Car & Classic is more to us than just a website where we can buy and sell classic cars. It’s also a way of life. When we’re not improving the site in a bid to perfect the buying experience, we’re living and breathing petrol, carbs and chrome. It’s what gets us up in the morning. The thought of getting behind the wheel of our own classic, well, that’s the dream.
Why have we bought a project?
It’s simple really. The classic car world is about more than the cars within it. It’s also a social world full of events, which in turn are full of interesting people who of course, have interesting cars. We have a calendar of events we plan to be at, and frankly we could be there without a car of our own. But where’s the fun in that? We don’t want to turn up in some ubiquitous modern car that nobody looks twice at. If we’re going to these events, we’re going to it properly.
This website is us, it’s what we live for. Many of the staff behind the scenes have classics – the CEO for example, has a Rover P5B Coupe, our Editor has a Zephyr, there’s a Capri in the car park, too. We love classics. But for this new venture we wanted a new car, so that’s why we went scouring through our own adverts and bought this.
The other thing is that, unlike everything else on the Car & Classic fleet, the car we’ve bought is a racer. A proper, time-served racer at that and as much fun as it would be to send the CEO’s Rover P5 howling into apexes, we thought it best to buy something better-suited.
What car is it?
It’s a 1965 Ford Cortina 1500GT. As we alluded to earlier, it’s a race car and has been for a long time, primarily being used for rallying with the occasional track stint thrown in for good measure. It is, for lack of a better phrase, a proper bit of kit. It’s not a ‘have a go’ racer – our Cortina has the FIVA and FIA paperwork to back up its racing claims.
Painted in Alan Mann colours, it’s got the right look from the off. Add in the Mini-lite wheels, the Safety Devices roll-cage, the Recaro bucket seats, harnesses and other racy parts and it makes for one mean-looking little car.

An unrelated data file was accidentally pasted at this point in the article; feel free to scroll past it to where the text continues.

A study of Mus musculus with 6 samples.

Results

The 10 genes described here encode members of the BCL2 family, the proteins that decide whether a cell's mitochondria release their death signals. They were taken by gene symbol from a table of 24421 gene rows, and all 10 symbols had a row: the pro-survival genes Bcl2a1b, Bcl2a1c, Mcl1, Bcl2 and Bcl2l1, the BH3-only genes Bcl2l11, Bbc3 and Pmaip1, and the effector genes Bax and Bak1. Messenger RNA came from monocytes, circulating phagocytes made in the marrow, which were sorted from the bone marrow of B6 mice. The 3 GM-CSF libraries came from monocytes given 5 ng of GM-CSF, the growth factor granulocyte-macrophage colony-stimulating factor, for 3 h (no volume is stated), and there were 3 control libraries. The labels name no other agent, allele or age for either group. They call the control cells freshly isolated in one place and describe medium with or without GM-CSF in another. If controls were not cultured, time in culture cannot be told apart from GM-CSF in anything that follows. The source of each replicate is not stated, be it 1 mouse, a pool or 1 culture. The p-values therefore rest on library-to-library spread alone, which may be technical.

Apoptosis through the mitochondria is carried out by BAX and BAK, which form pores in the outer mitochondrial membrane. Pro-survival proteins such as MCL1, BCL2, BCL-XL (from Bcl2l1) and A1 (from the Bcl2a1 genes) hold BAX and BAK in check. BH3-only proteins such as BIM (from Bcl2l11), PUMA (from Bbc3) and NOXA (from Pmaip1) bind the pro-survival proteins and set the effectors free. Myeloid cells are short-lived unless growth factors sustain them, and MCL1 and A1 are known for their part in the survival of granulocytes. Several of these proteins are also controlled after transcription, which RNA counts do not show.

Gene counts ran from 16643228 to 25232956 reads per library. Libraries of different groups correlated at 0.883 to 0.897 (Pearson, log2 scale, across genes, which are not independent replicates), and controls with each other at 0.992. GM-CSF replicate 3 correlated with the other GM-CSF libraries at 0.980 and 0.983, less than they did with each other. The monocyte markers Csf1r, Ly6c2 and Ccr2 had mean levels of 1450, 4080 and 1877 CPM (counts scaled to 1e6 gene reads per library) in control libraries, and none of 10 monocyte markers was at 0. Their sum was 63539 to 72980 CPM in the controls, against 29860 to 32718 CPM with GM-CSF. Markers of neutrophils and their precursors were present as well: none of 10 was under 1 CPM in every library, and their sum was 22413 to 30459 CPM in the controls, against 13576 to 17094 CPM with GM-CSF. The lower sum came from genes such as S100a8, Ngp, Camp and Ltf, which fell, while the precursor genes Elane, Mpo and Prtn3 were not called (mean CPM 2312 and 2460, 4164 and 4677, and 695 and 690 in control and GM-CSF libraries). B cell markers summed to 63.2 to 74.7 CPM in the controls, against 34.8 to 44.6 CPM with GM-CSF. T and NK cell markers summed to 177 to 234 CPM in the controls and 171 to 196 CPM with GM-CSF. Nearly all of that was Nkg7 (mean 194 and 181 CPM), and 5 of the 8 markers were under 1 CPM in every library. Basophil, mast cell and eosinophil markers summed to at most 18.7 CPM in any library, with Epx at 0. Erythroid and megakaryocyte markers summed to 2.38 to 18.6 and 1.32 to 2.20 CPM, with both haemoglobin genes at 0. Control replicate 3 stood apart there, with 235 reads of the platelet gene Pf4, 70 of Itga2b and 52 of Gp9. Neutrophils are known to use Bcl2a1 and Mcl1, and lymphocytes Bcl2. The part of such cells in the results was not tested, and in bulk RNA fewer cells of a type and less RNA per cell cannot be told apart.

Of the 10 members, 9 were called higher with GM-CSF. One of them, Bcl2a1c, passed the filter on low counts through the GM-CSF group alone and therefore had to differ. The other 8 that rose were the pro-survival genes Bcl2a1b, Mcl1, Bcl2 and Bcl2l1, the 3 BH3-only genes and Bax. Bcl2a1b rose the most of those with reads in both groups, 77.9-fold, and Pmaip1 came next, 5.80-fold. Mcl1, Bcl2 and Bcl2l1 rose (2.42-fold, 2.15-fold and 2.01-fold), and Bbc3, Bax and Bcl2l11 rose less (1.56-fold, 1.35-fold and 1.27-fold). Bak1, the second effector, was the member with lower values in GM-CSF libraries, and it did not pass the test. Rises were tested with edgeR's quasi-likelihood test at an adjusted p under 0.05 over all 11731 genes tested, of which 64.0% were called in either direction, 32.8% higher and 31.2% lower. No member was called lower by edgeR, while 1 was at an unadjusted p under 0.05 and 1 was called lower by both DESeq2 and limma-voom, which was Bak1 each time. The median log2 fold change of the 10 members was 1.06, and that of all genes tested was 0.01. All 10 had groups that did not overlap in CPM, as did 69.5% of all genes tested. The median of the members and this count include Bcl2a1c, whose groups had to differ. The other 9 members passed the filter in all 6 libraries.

Of course, it’s not all for show. Our Cortina has the go, too. This comes care of the 1500 pre-crossflow engine. From the factory it was a fairly unremarkable lump, however, ours has been played with by the talented hands at Throbnozzle Racing. A silly name, but a very serious outfit when it comes to getting power out of these old engines.
The engine has, as far as we can tell, been reworked from the cylinder head up. That means it’s been ported, polished, the cam has been swapped out for something keener and the whole thing has been made to feed off a pair of Weber twin 40s. All in all, this means approximately 100bhp. Not a lot in today’s terms, but more than enough for our featherweight Cortina.
Chassis-wise, it’s largely standard in terms of mountings etc – there’s no four-link, for example. This is to comply with certain historic regulations. The suspension has been lowered and uprated though, and the brakes are now slightly more capable than the stock parts thanks in no small part to the addition of a servo. The fuel tank has been relocated, there are no back seats, there are sump guards and the current tyres are of a ‘gravely’ disposition.
The car was converted for competition used some years ago and was campaigned by HERO as one of their ‘arrive and drive’ classics for road rally and track events before being retired around three years ago. Since then, the poor old thing has just been sitting around, awaiting its next chapter.
Sounds nice – what’s the catch?
What do you mean? Catch? There’s no catch… okay, there is. KMB505C has had a hard life, but we knew that. What we didn’t know, however, is that said hard life has had a fun time with the underside. We knew about the dented wing and the damage on the rear from a ‘love tap’. We also knew about the rust in the doors. We didn’t, however, know just how rotten it was underneath. Oh dear.
The inner wings are mostly rust, but the chassis rails are good, so there’s that. The A-pillars need a fettle before they get worse. The bulkhead has some holes, too. It’s the rear, however, where the true horror hides. It turns out the rear spring hangers are very nearly dust. The chassis rails are also suffering from a fair bit of ‘ventilation’ too. Not ideal.
Oh, okay. What’s the plan then?
We’re going to fix it, of course. We’ve bought a race car and we will race it. We’re not going to be scared off by a bit (okay, a lot) of corrosion. As such, we’ve got the car booked in to have all the bad metal cut out in readiness for the welding in of fresh, non-corroded metal. Then we’ll rust-proof it, lots. We’re not going through this again!
We’ve already got an old Ford specialist on side, so we just need to get the car to him and then we can get cracking with the repairs. But don’t worry, when we do, we’ll be sure to tell you all about it!